Middlemarch: Chapters 75-83

Chapters 75-83 (Dorothea’s Heroism)

The Lydgates are able to keep their house with the money from Bulstrode, but no one calls there but Will Ladislaw. Rosamond thinks his flirtation hides a deeper feeling, and daydreams about Will keep her going at this time. When she finds out about her husband’s scandal, she is in deep shock and sends for Will.
Dorothea sends for Lydgate and offers her support at the hospital: he must stay in Middlemarch and prove his innocence. She believes in him. This is the first support he has had, for even Rosamond has lost faith in him. The presence of Dorothea’s noble nature makes him believe he can weather the storm. She offers to talk to his wife.
When Dorothea calls on Mrs. Lydgate, Rosamond is in a compromising position with Will holding her hands. Dorothea runs out, and Will shouts at Rosamond for ruining his reputation with Dorothea. He shatters Rosamond’s egoism by saying: “no other woman exists by the side of her.” Rosamond falls ill with this shock and goes to bed. Lydgate is tender with her.
Dorothea and Will had been connected by a tender love and understanding though separated. Now it has been destroyed, and Dorothea stays up all night weeping. But in the morning she has an epiphany while looking at a laboring family out the window. She yearns for the perfect right and sees the largeness of the world and her part in it. She resolves to go again to Mrs. Lydgate to see what she can do to get her to love her husband.
Dorothea puts her personal feelings aside and defends Lydgate to his wife. Thinking Rosamond is contemplating running away with Will, she urges her to stand by her husband. For once, Rosamond is unselfish and confesses to Dorothea that Will loves her and no one else. This clears the road for Will.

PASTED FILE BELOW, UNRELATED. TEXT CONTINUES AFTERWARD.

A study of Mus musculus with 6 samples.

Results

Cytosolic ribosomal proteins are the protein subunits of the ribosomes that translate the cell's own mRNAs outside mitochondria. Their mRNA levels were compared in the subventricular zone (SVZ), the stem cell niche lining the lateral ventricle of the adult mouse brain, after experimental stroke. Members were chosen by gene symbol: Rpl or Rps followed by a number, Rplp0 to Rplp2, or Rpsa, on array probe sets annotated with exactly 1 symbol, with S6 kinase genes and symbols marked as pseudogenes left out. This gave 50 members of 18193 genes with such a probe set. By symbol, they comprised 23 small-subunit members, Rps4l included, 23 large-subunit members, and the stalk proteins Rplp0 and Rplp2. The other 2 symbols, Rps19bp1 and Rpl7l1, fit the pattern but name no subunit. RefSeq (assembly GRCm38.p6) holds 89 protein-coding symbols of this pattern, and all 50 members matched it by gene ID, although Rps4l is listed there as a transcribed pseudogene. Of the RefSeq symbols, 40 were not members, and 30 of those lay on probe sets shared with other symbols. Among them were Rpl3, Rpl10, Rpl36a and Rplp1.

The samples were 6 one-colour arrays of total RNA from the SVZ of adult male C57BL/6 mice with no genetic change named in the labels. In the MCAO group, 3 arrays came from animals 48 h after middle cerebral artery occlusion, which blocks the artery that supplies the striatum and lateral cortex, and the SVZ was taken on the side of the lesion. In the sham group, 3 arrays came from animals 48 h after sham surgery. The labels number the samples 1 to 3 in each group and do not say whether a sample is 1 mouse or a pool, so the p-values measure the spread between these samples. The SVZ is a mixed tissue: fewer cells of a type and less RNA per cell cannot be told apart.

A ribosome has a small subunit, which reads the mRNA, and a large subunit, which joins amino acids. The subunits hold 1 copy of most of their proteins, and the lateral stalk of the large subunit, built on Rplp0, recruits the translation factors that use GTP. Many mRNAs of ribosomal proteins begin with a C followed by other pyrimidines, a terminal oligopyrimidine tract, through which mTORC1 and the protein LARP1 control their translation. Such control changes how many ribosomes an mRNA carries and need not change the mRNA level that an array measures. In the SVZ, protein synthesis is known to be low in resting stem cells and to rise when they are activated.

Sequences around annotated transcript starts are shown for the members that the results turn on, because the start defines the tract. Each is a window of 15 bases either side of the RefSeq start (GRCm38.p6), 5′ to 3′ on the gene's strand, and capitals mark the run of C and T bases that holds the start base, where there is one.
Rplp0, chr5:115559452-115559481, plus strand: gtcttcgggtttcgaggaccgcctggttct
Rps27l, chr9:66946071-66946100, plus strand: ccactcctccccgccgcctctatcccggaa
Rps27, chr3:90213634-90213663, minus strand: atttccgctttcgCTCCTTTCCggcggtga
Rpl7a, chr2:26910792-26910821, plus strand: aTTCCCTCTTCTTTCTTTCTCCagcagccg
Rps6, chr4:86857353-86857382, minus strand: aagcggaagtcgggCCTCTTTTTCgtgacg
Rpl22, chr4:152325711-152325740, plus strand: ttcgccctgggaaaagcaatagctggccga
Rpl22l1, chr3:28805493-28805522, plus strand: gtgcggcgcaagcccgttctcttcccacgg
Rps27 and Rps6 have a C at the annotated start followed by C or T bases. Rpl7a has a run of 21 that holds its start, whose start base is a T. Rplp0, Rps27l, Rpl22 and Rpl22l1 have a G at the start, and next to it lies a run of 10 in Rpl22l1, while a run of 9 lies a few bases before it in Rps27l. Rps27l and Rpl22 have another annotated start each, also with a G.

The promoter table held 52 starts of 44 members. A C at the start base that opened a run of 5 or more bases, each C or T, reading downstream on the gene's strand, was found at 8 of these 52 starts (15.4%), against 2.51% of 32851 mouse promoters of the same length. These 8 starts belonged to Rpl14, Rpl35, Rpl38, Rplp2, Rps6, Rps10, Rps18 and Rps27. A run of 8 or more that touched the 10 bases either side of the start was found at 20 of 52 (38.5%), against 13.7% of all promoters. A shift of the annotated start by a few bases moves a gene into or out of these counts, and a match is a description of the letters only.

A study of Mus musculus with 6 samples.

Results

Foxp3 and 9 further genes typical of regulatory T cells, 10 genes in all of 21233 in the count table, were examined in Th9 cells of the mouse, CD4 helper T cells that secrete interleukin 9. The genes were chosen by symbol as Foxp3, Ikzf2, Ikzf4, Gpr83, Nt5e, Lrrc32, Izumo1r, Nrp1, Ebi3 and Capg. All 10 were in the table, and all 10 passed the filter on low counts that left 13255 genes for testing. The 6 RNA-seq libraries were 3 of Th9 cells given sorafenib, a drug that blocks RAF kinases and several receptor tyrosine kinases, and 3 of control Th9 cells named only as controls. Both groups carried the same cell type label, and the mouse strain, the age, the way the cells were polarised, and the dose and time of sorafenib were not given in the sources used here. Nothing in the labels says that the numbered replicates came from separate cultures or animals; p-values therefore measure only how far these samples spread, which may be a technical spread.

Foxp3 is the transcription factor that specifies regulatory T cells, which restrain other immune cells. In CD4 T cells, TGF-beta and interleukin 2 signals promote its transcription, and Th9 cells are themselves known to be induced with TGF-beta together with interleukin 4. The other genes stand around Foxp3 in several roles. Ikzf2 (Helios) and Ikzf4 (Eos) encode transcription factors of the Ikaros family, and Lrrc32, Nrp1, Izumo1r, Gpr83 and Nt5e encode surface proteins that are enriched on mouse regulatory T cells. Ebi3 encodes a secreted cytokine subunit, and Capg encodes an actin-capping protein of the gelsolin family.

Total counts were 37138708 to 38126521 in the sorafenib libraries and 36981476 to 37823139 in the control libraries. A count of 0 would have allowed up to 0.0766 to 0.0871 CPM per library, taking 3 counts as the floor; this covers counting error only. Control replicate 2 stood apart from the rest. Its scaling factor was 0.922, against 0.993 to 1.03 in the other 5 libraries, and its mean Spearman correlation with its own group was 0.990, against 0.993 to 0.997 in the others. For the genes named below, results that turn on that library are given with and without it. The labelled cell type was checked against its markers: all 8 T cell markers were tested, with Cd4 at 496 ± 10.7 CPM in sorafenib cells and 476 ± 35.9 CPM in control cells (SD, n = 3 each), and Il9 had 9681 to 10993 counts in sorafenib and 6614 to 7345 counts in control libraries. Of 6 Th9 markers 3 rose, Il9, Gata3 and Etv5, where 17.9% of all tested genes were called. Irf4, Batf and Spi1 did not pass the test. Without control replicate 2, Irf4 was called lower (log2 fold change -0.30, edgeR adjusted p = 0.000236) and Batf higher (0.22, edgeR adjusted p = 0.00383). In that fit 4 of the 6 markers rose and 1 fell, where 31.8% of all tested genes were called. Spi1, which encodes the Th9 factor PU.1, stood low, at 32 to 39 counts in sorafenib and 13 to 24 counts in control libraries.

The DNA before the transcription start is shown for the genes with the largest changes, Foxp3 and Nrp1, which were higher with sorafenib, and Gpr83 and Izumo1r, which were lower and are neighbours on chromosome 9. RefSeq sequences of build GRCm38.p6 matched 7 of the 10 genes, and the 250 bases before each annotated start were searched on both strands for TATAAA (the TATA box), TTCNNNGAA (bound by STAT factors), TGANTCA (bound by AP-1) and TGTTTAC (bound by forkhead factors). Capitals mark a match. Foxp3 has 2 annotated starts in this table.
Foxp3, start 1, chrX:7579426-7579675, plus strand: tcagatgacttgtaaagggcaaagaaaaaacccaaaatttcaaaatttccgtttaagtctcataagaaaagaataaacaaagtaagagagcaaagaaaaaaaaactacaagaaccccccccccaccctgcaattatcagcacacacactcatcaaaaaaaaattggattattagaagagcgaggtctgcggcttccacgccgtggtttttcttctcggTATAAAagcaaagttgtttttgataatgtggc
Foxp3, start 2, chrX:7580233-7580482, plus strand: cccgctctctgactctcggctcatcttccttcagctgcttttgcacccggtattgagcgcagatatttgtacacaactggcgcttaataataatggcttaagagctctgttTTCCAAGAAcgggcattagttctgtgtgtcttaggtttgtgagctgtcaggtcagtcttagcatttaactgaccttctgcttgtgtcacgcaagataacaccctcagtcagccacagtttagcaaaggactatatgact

While watching a storm from Lowick’s windows together, Dorothea and Will decide it is unbearable to part, no matter what the circumstances, and they declare their love for one another.
While Dorothea is talking to Rosamond, it takes a great effort not to fall apart, but she keeps her inner discipline by reminding herself that the fate of three people depends on her resolve (Will, Lydgate, and his wife). Dorothea finds meaning in life, as she tells Will, beyond her own needs or happiness. She can only thrive by seeing her part in the larger world. Because of this, things turn out better for herself and those around her.
Even Rosamond must rise in Dorothea’s presence, and Dorothea saves Lydgate’s reputation through her strength of goodness that goes against public opinion.  Thus, Dorothea’s heroism, though hidden to the world, is the heroism of a loving and idealistic heart that would “widen the skirts of light” through any action at hand.